The Guilded Age and Big Business
Between 1890 and 1910, big businesses acted as government steers rather than governments driving the big companies. During the span of the Gilded Age, the United States Congress passed laws that mainly favored corporations (Faragher et al., 1999).The big business played a crucial role in steering the U.S government.
The laws considered corporations to be monopolies of manufacturing rather than commerce. With these laws, the Congress was not able to regulate these monopolies. For example, the 14th Amendment was designed for the rights of the African Americans. However, when it reached the Supreme Court, the document was manipulated to give corporations more rights. This gave corporations the rights just as any citizen would have including political lobbying. The amendment allowed corporations to hold significant political power and swayed political opinions and outcomes in the US. In addition, the Sherman Act was supposed to put a check on the powers of corporations but was manipulated and interpreted in a manner that the corporations barely changed their status quo. These new laws showed that the government was fully in support of the corporations and enabled them to make major decisions for the government and the citizens (Faragher et al., 1999).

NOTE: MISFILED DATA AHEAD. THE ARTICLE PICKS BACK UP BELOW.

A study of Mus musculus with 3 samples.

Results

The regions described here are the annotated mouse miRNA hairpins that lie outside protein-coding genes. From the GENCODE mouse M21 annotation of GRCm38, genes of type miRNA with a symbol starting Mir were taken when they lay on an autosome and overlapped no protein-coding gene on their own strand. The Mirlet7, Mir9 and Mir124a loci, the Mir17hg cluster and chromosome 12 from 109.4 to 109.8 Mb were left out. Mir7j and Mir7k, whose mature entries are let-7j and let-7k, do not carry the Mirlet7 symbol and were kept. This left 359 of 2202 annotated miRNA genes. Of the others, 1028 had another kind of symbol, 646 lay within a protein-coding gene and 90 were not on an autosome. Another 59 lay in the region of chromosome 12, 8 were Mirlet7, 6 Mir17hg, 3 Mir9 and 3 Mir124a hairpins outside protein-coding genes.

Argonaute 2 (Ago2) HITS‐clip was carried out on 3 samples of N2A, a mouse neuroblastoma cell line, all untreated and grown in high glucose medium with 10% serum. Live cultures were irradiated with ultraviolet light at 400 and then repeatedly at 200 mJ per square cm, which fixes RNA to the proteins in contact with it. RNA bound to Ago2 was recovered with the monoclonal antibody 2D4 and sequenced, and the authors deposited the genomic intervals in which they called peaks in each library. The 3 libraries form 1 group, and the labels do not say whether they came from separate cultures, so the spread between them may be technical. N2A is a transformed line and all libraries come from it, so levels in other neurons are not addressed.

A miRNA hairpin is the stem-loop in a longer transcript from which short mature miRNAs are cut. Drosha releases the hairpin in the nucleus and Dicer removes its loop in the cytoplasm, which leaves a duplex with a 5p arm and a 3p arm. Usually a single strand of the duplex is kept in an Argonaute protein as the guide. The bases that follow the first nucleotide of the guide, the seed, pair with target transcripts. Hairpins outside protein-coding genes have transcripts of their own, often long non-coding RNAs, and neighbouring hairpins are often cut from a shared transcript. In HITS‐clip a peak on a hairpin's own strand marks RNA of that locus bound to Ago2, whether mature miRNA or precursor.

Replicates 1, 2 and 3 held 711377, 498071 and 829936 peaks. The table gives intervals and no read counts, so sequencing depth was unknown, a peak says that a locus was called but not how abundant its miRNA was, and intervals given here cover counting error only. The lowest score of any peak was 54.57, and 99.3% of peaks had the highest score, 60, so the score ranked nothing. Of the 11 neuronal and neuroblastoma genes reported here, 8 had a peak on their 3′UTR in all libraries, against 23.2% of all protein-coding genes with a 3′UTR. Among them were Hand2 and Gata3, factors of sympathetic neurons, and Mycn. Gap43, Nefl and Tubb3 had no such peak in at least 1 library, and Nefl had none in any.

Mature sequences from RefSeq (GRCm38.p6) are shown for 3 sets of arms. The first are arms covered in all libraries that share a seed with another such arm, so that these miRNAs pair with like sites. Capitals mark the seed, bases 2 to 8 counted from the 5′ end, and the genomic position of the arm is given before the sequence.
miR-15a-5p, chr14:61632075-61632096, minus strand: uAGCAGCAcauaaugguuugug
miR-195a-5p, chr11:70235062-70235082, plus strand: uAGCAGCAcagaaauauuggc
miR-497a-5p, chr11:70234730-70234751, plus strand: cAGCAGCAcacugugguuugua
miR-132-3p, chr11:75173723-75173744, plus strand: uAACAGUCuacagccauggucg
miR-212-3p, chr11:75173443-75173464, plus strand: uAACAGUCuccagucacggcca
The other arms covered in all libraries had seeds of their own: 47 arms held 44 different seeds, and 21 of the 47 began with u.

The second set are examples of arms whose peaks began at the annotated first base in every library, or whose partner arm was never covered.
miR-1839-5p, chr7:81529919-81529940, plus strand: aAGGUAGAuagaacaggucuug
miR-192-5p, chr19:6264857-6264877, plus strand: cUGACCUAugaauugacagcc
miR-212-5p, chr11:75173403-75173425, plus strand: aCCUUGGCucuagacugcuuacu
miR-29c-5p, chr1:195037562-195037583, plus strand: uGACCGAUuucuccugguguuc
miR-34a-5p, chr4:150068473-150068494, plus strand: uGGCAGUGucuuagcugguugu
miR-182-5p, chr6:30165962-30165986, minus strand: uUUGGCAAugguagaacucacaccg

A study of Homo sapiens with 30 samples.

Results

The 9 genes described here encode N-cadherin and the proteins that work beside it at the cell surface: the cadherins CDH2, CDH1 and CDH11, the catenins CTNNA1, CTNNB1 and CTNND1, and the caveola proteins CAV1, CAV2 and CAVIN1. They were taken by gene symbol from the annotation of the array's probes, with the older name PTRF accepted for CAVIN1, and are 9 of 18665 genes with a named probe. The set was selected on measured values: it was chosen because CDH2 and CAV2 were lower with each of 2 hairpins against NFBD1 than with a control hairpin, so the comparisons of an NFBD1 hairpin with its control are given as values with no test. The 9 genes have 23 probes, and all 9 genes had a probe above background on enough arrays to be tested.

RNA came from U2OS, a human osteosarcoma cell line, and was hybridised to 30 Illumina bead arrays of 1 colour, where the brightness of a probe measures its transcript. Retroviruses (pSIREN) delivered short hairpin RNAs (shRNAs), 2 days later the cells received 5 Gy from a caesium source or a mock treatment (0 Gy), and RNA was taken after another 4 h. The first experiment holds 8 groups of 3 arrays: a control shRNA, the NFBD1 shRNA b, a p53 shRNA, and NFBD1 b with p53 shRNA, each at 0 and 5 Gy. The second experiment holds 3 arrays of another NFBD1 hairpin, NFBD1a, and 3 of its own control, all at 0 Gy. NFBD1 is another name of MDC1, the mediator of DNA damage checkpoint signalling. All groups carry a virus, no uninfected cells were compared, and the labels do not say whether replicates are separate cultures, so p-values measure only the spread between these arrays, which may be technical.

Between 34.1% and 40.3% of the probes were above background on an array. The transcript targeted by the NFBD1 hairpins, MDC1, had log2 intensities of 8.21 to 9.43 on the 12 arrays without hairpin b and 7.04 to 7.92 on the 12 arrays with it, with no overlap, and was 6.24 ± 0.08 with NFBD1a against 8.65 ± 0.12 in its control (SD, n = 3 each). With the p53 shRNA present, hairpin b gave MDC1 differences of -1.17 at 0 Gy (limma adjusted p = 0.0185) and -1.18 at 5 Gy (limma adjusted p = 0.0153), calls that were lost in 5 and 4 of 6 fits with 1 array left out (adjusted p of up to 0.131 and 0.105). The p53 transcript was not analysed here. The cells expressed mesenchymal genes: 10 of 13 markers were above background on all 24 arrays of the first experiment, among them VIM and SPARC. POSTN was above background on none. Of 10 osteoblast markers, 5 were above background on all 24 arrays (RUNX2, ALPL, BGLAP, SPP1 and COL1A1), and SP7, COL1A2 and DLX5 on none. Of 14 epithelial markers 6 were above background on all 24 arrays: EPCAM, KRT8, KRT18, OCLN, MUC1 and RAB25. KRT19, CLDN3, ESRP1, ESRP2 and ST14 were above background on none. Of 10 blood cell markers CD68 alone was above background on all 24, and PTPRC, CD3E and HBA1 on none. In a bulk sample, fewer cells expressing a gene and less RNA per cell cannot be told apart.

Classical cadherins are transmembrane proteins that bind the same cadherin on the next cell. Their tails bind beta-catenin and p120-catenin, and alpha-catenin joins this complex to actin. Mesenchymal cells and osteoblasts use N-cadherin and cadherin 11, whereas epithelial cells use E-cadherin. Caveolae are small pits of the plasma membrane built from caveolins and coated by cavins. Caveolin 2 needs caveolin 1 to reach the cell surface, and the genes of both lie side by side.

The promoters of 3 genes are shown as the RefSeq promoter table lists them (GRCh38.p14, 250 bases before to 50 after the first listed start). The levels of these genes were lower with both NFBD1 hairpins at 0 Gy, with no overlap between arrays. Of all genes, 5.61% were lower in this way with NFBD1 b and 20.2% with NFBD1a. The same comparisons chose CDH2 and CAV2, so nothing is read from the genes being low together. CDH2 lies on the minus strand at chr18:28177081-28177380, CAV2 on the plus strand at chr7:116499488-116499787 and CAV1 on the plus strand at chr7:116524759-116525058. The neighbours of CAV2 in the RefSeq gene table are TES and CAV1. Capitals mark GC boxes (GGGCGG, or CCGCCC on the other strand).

The Sherman Act was passed on the backdrop of the American Civil War which had derailed the economy leading to depression. The revival of all spheres of the American society was dependent on the general health of the economy. Proponents of the law argued that the country would be better off with a sound industrial system, transportation, improved domestic output and excellent leadership with a reliable workforce. The law was aimed at protecting the companies; however, it gave the corporations significant power that has continued to shape the political landscape of the country.
Faragher, J. M., Czitrm, D., Buhle, M. J. & Armitage, S.H. (1999). Out of many: A history of the American people. Upper Saddle River, NJ: Prentice Hall.